Vascular Ultrasound

Vascular ultrasound is carried out in order to monitor blood flow to organs and tissues throughout the body, locate and identify blockages and abnormalities like blood clots, plaque or emboli and help plan for their effective treatment. It can also be used to determine whether a patient is a good candidate for a procedure such as angioplasty or plan or evaluate the success of procedures that graft or bypass
blood vessels. Vascular ultrasound can also help to identify areas of abnormal widening of blood vessels (aneurysm) that, if left untreated, can lead to serious consequences. In people with varicose veins, it can help to identify the source of the supply of these veins and help the surgeon decide how best to deal with this condition.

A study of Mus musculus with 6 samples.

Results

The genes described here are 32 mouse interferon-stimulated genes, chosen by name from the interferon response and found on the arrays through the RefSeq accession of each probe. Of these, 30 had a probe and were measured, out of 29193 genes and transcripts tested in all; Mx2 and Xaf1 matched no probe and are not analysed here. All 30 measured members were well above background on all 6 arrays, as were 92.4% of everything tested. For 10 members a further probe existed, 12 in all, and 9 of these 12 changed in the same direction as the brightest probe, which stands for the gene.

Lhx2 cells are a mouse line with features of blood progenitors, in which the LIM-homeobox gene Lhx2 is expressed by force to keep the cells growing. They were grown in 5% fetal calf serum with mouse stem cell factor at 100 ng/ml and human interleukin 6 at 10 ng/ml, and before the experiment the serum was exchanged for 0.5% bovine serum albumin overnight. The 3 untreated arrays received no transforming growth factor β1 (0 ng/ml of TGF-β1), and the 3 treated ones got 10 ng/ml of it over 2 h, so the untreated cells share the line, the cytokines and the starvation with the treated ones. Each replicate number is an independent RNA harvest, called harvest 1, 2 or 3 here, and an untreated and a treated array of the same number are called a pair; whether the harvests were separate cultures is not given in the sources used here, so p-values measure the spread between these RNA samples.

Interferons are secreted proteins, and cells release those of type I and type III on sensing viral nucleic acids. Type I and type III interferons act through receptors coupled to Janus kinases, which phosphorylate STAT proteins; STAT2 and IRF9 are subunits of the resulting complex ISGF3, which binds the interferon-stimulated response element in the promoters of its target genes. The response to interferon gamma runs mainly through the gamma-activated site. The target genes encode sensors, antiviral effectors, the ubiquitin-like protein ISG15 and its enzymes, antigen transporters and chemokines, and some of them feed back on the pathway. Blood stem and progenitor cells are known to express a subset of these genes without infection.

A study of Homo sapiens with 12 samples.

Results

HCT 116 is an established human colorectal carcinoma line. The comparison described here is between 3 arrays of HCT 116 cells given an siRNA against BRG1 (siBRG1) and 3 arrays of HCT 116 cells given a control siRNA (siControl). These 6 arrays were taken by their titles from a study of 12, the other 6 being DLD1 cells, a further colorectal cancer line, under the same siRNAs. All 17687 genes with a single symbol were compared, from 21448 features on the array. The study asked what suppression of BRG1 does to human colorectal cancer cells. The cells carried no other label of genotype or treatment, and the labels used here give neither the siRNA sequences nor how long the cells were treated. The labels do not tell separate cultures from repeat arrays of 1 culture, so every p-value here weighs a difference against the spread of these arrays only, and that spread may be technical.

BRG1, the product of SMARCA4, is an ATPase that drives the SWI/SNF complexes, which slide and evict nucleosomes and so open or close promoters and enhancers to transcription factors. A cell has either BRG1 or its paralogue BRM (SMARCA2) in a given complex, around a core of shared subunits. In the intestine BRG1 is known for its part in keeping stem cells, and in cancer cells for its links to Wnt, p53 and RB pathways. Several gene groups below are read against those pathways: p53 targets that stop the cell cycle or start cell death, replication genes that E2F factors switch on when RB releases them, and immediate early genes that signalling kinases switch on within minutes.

A Doppler ultrasound study may be part of a vascular ultrasound examination. Doppler is a special ultrasound technique that evaluates the speed and volume of blood as it flows through a blood vessel, including the body's major arteries and veins in the abdomen, arms, legs and neck. It can help to diagnose blockages to blood flow (such as clots) narrowing of vessels (possibly caused by plaque) and tumors and congenital malformation. As the images are captured in real time, they can help the ultrasound practitioner monitor the blood flow to organs and tissues throughout the body. No special preparation is required for these types of scan.

At the examination you will need to remove all clothing and jewelry in the area to be examined and may be asked to wear a gown during the
procedure. You will lie on your back on an examination couch and the transducer moved back and forth across the relevant part of your body on order to image the area of interest.